The Boston Celtics’ jump from 25 to 40 wins and their playoff experience will help the team moving forward.


On paper it didn’t add up. They were a hodgepodge of players pieced together throughout the season, many acquired in trades that in the process of dismantling a roster actually made it stronger.

They came to Boston sporadically in waves. There were those that arrived in the summer – a former second overall pick looking to revitalize his career, a center who couldn’t handle passes early on, and a rookie that battled injuries as well as a first-year learning curve.

Jae Crowder was the first mid-season newcomer; he arrived in the Rajon Rondo trade with the Dallas Mavericks trade in mid-December. Jonas Jerebko and Gigi Datome came from the Detroit Pistons in the Tayshaun Prince trade, and Isaiah Thomas got to Boston at the deadline from the Phoenix Suns.

There’s nothing flashy about their resumes. Many of them have been backups in previous lives. The only one to make an All-Star team, Gerald Wallace, rarely played.

The team lacked size, but they didn’t lack heart. Their spirits were bigger than advertised. The Celtics finished the regular season 40-42, a significant improvement from the previous 25-57 record.

“It was tough from start to finish,” said Brandon Bass. “We had a bunch of adversity throughout the season. But I think with persistence and a constant grind, you can overcome things. I thought that’s what we did.”

Instead of heading to another Draft Lottery, the Celtics locked up the seventh spot in the Eastern Conference. They had to face the Cleveland Cavaliers, and they didn’t care about the mismatches. They were ready to battle in the playoffs.

The Celtics got swept by the Cavaliers on Sunday at TD Garden in a Game 4 marked by injuries and altercations (J.R. Smith and Kelly Olynyk have received suspensions while Kendrick Perkins was fined). The final scores don’t reflect their effort and will to compete throughout the season. They lost by an average of less than 10 points a game in the series.

“The Celtics gave us the test that we needed,” said LeBron James.

Most of the Celtics joined the team after the Doc Rivers-driven era of “ubuntu,” but they exemplified the mantra nonetheless. The team bought into each other, and more importantly their coach, to turn a season around in a span of a few months.

“We’ve been able to pull together, buy into Brad’s system, improve every single day as a team and as individuals,” said Avery Bradley.

Stevens, who in many ways was the Celtics’ MVP this season, still has four years left on his deal. He finished fourth in NBA Coach of the Year voting and is one of the brightest minds on the sideline around the league.

“I highly respect their coaching staff and especially their head coach,” said James. “(They are) a very well-coached team. He put those guys out there every night and put them in the position to win the game. I think Brad Stevens is a very good young coach in our league.”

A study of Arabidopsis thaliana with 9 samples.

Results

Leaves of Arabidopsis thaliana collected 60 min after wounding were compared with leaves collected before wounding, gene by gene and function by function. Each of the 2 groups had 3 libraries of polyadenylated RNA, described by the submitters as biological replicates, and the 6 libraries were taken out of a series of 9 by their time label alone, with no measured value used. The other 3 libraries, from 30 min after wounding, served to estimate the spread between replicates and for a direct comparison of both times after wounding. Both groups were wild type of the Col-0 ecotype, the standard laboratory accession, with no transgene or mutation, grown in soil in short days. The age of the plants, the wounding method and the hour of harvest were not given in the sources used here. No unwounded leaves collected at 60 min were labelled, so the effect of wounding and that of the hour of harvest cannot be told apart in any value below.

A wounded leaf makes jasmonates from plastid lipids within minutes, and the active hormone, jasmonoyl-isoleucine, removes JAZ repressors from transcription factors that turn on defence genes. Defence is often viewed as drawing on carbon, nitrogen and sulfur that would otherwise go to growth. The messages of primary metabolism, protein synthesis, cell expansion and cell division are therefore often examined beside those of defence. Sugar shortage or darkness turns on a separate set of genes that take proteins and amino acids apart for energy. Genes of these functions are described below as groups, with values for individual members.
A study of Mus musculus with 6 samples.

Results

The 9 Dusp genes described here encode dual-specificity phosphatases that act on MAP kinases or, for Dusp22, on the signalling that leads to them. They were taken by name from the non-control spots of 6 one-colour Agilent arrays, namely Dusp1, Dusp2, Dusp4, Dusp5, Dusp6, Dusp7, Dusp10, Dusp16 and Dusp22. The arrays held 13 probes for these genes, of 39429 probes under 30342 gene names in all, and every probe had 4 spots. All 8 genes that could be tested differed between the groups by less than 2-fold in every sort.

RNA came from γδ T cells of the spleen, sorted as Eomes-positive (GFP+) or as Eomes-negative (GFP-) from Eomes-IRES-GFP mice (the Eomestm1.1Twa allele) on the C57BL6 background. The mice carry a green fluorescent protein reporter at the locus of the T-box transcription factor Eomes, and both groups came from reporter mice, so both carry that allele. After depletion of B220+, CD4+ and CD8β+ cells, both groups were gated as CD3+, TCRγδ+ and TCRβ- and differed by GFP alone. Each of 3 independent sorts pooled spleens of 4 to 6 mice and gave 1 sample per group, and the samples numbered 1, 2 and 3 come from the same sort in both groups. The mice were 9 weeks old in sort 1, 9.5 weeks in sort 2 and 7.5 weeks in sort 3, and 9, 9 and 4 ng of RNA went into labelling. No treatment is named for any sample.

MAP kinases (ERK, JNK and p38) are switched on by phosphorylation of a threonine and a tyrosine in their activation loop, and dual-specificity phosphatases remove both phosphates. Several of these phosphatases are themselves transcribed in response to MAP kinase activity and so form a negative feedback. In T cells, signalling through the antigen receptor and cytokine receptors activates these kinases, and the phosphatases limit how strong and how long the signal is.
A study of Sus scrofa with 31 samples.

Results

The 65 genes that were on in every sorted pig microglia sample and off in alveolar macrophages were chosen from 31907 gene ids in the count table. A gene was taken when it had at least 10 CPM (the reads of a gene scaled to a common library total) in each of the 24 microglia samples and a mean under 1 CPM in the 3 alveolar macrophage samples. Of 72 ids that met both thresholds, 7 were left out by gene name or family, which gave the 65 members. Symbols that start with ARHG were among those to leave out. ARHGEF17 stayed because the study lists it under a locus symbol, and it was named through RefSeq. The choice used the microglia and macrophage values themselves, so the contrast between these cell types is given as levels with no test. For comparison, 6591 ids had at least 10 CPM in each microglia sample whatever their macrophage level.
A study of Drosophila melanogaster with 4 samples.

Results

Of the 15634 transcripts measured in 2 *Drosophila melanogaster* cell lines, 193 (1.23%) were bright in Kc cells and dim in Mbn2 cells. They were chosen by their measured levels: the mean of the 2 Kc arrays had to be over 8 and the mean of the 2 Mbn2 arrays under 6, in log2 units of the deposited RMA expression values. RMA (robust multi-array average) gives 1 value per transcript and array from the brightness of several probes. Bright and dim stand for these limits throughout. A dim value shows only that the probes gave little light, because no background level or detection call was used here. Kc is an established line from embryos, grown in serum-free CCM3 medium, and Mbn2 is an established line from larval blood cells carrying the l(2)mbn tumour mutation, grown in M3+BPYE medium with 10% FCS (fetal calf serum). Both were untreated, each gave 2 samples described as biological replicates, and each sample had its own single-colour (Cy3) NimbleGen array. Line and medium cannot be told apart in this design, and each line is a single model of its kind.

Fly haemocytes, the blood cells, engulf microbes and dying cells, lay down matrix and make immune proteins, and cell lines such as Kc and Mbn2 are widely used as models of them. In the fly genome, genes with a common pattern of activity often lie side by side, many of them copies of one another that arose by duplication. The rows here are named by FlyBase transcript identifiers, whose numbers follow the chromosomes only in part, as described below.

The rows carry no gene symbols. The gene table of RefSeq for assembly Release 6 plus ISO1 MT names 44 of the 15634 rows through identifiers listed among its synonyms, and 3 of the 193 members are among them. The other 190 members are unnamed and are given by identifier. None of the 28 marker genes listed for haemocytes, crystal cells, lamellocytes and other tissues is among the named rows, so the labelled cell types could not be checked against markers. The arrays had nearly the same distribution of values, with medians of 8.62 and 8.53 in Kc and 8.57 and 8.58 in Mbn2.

Uncertainty lies in who will return next season. Bass and Jerebko have expiring contracts. Crowder and Datome will be restricted free agents if the front office extends qualifying offers. The Celtics also have an arsenal of draft picks they can package in trades. This isn’t an organization to rely on free agency – they will look to use their existing assets to improve during the summer.

Even if the roster looks different heading into training camp, the Celtics set a tone in the second half of the year that they can build upon next season and beyond.

“We know we can compete with anybody in the NBA,” said Thomas. “People counted us out and we just kept fighting. We kept believing in ourselves, we kept coming to work every day with our hard hat on and working hard and doing the things that we can control. If we can do that in the summer, next training camp, next season, then we’ve got a bright future with this group of guys.”

Kevin Love to Miss Conference Semifinal Series

The Cleveland Cavaliers advanced past the Boston Celtics, but they won’t be at full strength when they play the winner of the Chicago Bulls vs. Milwaukee Bucks series in the second round.

The team announced yesterday that star power forward Kevin Love, whose arm was grabbed by Kelly Olynyk in Game 4, will miss the entire Conference Semfinal series due to a left shoulder dislocation.

The NBA also announced that Olynyk has been suspended for one game without pay, which he will serve at the start of next season.

Love did not return to the game after getting tangled up with Olynyk, and X-rays and a MRI defined the extent of the injury as “an acute anterior inferior glenohumeral dislocation with the corresponding ligament/labrum tearing and humeral head bone bruising,” according to the team. Love is undergoing treatments while additional opinions are being obtained and treatment options being explored.

Another update regarding Love’s status beyond the Conference Semifinals will be determined over the next several days.

Love averaged 14.3 points, 7.0 rebounds and 2.5 assists (while shooting 42.9 percent from three-point range) in 26.8 minutes per game against Boston. It was the first playoff series of Love’s career.

Jessica Camerato is a bilingual reporter who has been covering the NBA since 2006. She has also covered MLB, NHL and MLS. A graduate of Quinnipiac University, Jessica is a member of the Professional Basketball Writers Association and the Association for Women in Sports Media.